PEOPLE with mental health problems in Hampshire could soon get extra support if a new initiative gets the green light.

South Central Ambulance Service (SCAS) is in talks of hiring a mental health practitioner to take emergency calls, similar to the already successful 'labour line'.

It means callers will go through to an experienced specially-trained mental health nurse based in the ambulance service control centre.

A SCAS spokesperson said it will offer dedicated and focused support for people that require additional help for complex issues.

“Mental health patients will benefit from being supported by specially-trained mental health nurses on the phone who can ensure that they receive the right care, in the right place and at the right time,” the spokesperson said.

The labour line, which is run by Hampshire Hospitals NHS Foundation Trust, started as a six month pilot scheme last year and was introduced formally this spring.

The spokesman added: “The labour line has seen great success in helping pregnant callers with questions and concerns they may have and also guiding and support those women in labour on a 24 hour basis, seven days a week. We are looking forward to replicating this successful phone line model for mental health patients.”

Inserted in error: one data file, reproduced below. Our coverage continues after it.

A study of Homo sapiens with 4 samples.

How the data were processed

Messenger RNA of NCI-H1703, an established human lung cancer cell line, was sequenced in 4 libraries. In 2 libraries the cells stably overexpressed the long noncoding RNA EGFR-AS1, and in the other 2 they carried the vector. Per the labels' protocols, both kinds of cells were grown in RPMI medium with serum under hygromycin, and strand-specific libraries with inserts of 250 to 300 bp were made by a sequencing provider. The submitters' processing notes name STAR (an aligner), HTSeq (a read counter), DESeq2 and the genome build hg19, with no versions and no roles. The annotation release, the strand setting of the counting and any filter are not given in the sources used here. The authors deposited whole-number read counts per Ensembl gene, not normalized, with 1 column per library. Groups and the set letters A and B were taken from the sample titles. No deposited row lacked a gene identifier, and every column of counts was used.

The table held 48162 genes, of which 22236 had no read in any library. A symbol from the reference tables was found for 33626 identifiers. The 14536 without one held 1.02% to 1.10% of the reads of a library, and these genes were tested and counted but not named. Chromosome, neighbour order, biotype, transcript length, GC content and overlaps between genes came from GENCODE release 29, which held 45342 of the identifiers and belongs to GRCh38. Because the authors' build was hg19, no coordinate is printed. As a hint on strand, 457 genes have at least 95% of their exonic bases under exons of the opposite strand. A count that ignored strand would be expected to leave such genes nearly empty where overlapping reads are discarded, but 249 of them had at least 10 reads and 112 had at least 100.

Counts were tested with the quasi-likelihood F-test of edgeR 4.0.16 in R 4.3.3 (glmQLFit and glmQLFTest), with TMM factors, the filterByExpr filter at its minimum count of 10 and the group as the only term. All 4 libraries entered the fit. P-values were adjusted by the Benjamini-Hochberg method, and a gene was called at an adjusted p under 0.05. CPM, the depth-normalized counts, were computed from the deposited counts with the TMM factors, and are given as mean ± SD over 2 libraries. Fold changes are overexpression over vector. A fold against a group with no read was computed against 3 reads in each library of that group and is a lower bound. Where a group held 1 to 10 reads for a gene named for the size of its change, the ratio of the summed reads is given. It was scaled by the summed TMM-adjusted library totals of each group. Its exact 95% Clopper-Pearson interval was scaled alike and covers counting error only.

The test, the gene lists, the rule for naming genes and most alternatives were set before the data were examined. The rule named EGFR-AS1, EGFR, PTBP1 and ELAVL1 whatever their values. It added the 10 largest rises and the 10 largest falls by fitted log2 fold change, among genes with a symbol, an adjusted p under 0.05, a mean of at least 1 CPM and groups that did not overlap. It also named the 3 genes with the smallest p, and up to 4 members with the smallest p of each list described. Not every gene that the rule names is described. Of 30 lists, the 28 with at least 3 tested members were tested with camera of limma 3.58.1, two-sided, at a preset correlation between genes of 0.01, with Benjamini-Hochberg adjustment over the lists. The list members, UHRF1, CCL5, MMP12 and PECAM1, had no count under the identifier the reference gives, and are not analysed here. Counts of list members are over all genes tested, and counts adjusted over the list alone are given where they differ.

Kerry Blake, of Winchester Samaritans, backed the plans. She said the more services available to help vulnerable people the better.

“I don't think there is enough support out there for some people,” she said.

“We do get a lot of calls of people with mental health issues so to have somebody to fall back on, that is there to be a bit more understanding and sensitive to their needs, is just brilliant, and we need to do more of that.

“When vulnerable people feel valued, they feel cared for. If it makes a little bit of difference it's worthwhile.”

SCAS said it is unable to go into further detail about the scheme, and when it will be implemented.